Research indicates that the average company can increase profitable revenues by 10% or more through programs that improve sales organization structure, optimize sales force size and balance territory coverage.
Of course, to figure out the best way to deploy sales resources, CEOs need to work with their sales organizations to determine which customers are the most valuable to target. Leading sales forces know that market potential—or the amount that a current customer or prospect could buy from a company—is the keystone for accomplishing this and improving strategic and tactical sales force decision-making.
Knowing that 80% or more of revenue will likely come from 20% of the customers, a smart leader looks to customer potential as a way of increasing the odds that sales efforts will be richly rewarded through improved targeting and resource optimization.
Measuring potential is not easy. Many sales forces do not have estimates of local market potential readily available, and developing them requires work and creativity. These approaches include:
1. Buying existing data. In many industries, including airlines, pharmaceuticals, publishers and catalogs, data companies sell information on sales of all competitive products by account or local market.
2. Deducing the data. If you can’t buy competitive sales data, you can likely buy or find data that is a good market potential surrogate. A greeting card company, for example, used U.S. Census Bureau data to estimate the potential of each retail store nationwide by looking at population and average household income within a 3-mile radius. In another instance, a company that sold insurance and financing as part of a bundled service offering on retail sales of motorcycles used customer demographics, competitors, the presence of local credit unions and the onset of spring weather (which triggered an increase in motorcycle sales) to predict territory potential.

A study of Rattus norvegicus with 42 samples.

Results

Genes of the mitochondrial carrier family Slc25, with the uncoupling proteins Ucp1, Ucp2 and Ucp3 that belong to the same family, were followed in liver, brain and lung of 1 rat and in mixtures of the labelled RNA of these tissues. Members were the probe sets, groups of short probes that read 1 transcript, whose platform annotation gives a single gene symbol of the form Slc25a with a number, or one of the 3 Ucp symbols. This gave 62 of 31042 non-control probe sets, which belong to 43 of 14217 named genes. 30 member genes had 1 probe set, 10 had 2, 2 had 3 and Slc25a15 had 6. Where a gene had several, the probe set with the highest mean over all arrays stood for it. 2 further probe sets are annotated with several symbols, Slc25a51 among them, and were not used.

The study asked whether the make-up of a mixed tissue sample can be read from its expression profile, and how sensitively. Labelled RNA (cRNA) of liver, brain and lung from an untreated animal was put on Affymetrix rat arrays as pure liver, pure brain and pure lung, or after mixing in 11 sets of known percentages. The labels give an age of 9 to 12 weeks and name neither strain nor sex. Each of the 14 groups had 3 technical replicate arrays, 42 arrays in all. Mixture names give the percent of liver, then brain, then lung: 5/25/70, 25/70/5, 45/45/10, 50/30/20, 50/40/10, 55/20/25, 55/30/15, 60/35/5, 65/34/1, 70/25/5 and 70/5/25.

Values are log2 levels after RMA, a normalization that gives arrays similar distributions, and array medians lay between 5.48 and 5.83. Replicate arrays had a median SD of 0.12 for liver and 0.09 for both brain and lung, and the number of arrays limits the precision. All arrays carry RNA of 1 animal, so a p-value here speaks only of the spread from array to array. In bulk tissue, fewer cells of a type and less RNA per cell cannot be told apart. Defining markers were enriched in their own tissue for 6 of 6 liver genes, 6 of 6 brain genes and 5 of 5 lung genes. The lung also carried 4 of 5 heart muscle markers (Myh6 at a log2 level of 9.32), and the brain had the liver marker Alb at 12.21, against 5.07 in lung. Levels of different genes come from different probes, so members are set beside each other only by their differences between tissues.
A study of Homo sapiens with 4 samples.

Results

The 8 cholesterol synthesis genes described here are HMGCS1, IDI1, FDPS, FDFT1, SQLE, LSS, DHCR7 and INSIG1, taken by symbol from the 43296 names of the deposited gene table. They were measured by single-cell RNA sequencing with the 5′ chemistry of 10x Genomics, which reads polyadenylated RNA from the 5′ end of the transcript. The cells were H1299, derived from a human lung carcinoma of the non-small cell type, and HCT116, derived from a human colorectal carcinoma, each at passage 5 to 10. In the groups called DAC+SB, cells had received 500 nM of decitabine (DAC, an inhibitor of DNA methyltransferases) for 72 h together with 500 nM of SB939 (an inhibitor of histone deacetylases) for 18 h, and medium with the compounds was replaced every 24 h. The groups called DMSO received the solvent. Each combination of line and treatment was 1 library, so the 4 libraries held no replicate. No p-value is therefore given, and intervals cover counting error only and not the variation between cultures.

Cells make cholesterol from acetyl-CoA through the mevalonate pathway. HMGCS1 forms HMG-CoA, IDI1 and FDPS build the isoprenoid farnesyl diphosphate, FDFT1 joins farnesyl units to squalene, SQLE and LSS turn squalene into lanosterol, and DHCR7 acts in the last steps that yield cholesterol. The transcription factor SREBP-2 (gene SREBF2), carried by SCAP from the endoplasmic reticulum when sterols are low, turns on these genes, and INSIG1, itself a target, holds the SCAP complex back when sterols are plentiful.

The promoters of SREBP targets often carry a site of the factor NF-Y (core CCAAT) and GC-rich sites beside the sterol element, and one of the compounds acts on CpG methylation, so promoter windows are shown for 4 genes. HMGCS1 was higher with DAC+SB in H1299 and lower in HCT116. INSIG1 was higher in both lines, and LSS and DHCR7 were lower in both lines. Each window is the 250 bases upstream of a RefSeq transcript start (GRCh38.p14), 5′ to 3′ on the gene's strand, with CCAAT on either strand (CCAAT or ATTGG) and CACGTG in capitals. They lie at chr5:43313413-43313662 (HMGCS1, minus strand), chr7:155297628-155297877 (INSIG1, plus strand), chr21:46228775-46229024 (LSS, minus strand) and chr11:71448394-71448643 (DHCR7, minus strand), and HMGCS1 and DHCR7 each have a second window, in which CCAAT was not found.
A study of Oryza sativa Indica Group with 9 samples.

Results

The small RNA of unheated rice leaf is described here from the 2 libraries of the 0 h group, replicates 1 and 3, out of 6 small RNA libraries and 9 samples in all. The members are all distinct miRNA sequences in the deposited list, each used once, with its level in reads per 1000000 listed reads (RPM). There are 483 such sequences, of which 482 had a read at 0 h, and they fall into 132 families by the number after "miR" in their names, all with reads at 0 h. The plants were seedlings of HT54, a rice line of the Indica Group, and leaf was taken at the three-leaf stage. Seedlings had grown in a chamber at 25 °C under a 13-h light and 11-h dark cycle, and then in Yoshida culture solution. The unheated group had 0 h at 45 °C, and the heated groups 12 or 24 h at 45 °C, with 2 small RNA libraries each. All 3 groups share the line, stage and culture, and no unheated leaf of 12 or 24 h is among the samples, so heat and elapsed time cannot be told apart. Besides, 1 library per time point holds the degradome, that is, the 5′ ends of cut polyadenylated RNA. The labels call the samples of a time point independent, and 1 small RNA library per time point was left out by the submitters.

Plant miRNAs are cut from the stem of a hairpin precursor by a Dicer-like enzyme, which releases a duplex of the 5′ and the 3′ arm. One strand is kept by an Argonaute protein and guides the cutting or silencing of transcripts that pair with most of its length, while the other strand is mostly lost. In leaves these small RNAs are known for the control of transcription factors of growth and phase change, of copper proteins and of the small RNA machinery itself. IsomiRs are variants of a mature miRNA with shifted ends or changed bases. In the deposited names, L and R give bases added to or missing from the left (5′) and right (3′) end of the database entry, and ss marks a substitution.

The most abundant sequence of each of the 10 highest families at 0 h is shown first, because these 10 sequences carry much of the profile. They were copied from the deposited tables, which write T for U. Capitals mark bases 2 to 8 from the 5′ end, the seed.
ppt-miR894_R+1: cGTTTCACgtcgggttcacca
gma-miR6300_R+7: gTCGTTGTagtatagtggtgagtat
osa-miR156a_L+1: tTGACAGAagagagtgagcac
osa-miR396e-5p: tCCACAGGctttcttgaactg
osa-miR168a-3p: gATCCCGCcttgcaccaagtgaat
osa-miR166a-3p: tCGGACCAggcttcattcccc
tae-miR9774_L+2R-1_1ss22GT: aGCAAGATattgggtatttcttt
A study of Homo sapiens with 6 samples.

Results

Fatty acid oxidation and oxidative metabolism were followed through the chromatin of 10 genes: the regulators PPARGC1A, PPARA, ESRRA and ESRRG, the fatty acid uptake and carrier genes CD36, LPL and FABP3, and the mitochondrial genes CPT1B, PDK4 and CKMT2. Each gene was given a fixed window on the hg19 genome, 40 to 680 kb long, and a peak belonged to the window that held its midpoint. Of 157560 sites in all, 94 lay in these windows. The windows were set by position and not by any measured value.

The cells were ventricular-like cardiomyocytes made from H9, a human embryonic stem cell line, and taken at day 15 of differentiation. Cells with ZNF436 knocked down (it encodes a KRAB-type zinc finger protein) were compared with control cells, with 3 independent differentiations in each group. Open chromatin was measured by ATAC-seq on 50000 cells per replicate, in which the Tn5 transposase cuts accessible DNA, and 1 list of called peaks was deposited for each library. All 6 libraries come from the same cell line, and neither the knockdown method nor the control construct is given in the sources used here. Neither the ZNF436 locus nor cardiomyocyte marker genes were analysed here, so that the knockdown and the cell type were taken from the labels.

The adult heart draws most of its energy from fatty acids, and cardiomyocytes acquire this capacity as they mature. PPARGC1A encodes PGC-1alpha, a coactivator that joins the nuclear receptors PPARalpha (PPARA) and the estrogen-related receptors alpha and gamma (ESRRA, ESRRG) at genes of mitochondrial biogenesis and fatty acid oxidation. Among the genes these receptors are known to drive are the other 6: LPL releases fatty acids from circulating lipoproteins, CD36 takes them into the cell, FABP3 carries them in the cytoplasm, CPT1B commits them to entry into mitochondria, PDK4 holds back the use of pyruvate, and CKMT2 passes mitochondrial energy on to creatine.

3. Building the data. This can be done in two ways. First, you can conduct primary market research to create market potential data. For example, a seller of contact lenses demonstrated this type of research when it surveyed ophthalmologists across the country to determine the size of their practices and their need for the company’s products. Second, you can ask the sales force to conduct market research. A medical imaging company in one instance asked its salespeople to collect data on the type, manufacturer and acquisition date of installed equipment at every hospital and imaging center in their territories.
GE Fleet Services, a business within GE that leases over-the-road trailers to trucking, retail and manufacturing companies, used estimates of customer market potential to help the sales force focus effort on the most attractive opportunities and ultimately meet ambitious revenue growth goals. Customer profile characteristics such as fleet size and composition, company size and industry, were used to predict customer potential. The information allowed the business to redeploy several sales territories into more lucrative markets, to increase qualified leads by 33% in one year, and to increase sales productivity by 7%. The business gave back a budgeted $2 million for additional headcount because the productivity improvements allowed the sales organization to meet growth goals without adding salespeople.
While companies should reevaluate measures of customer potential periodically as a business standard, they should especially take notice in any of the following occurrences:
- Changes in customer demographics, needs or buying processes
- Changing economic conditions
- Advances in technology that can improve timeliness of data provided to salespeople
- Changes in the competitive environment
- Shifts in the product portfolio
- Evolving company marketing goals and strategies
- A new sales process or go-to-market model
- Sales force feedback suggesting inconsistencies in the quality and usefulness of customer potential data
- Data analysis showing a weak correlation between account potential and account sales across the customer base
Understanding local market potential significantly improves sales force decision-making, and estimates of potential—even imperfect ones—are better than no estimates at all. CEOs that encourage their sales organizations to invest to develop measures of account or territory market potential will see payoffs through improved productivity and higher sales and profits.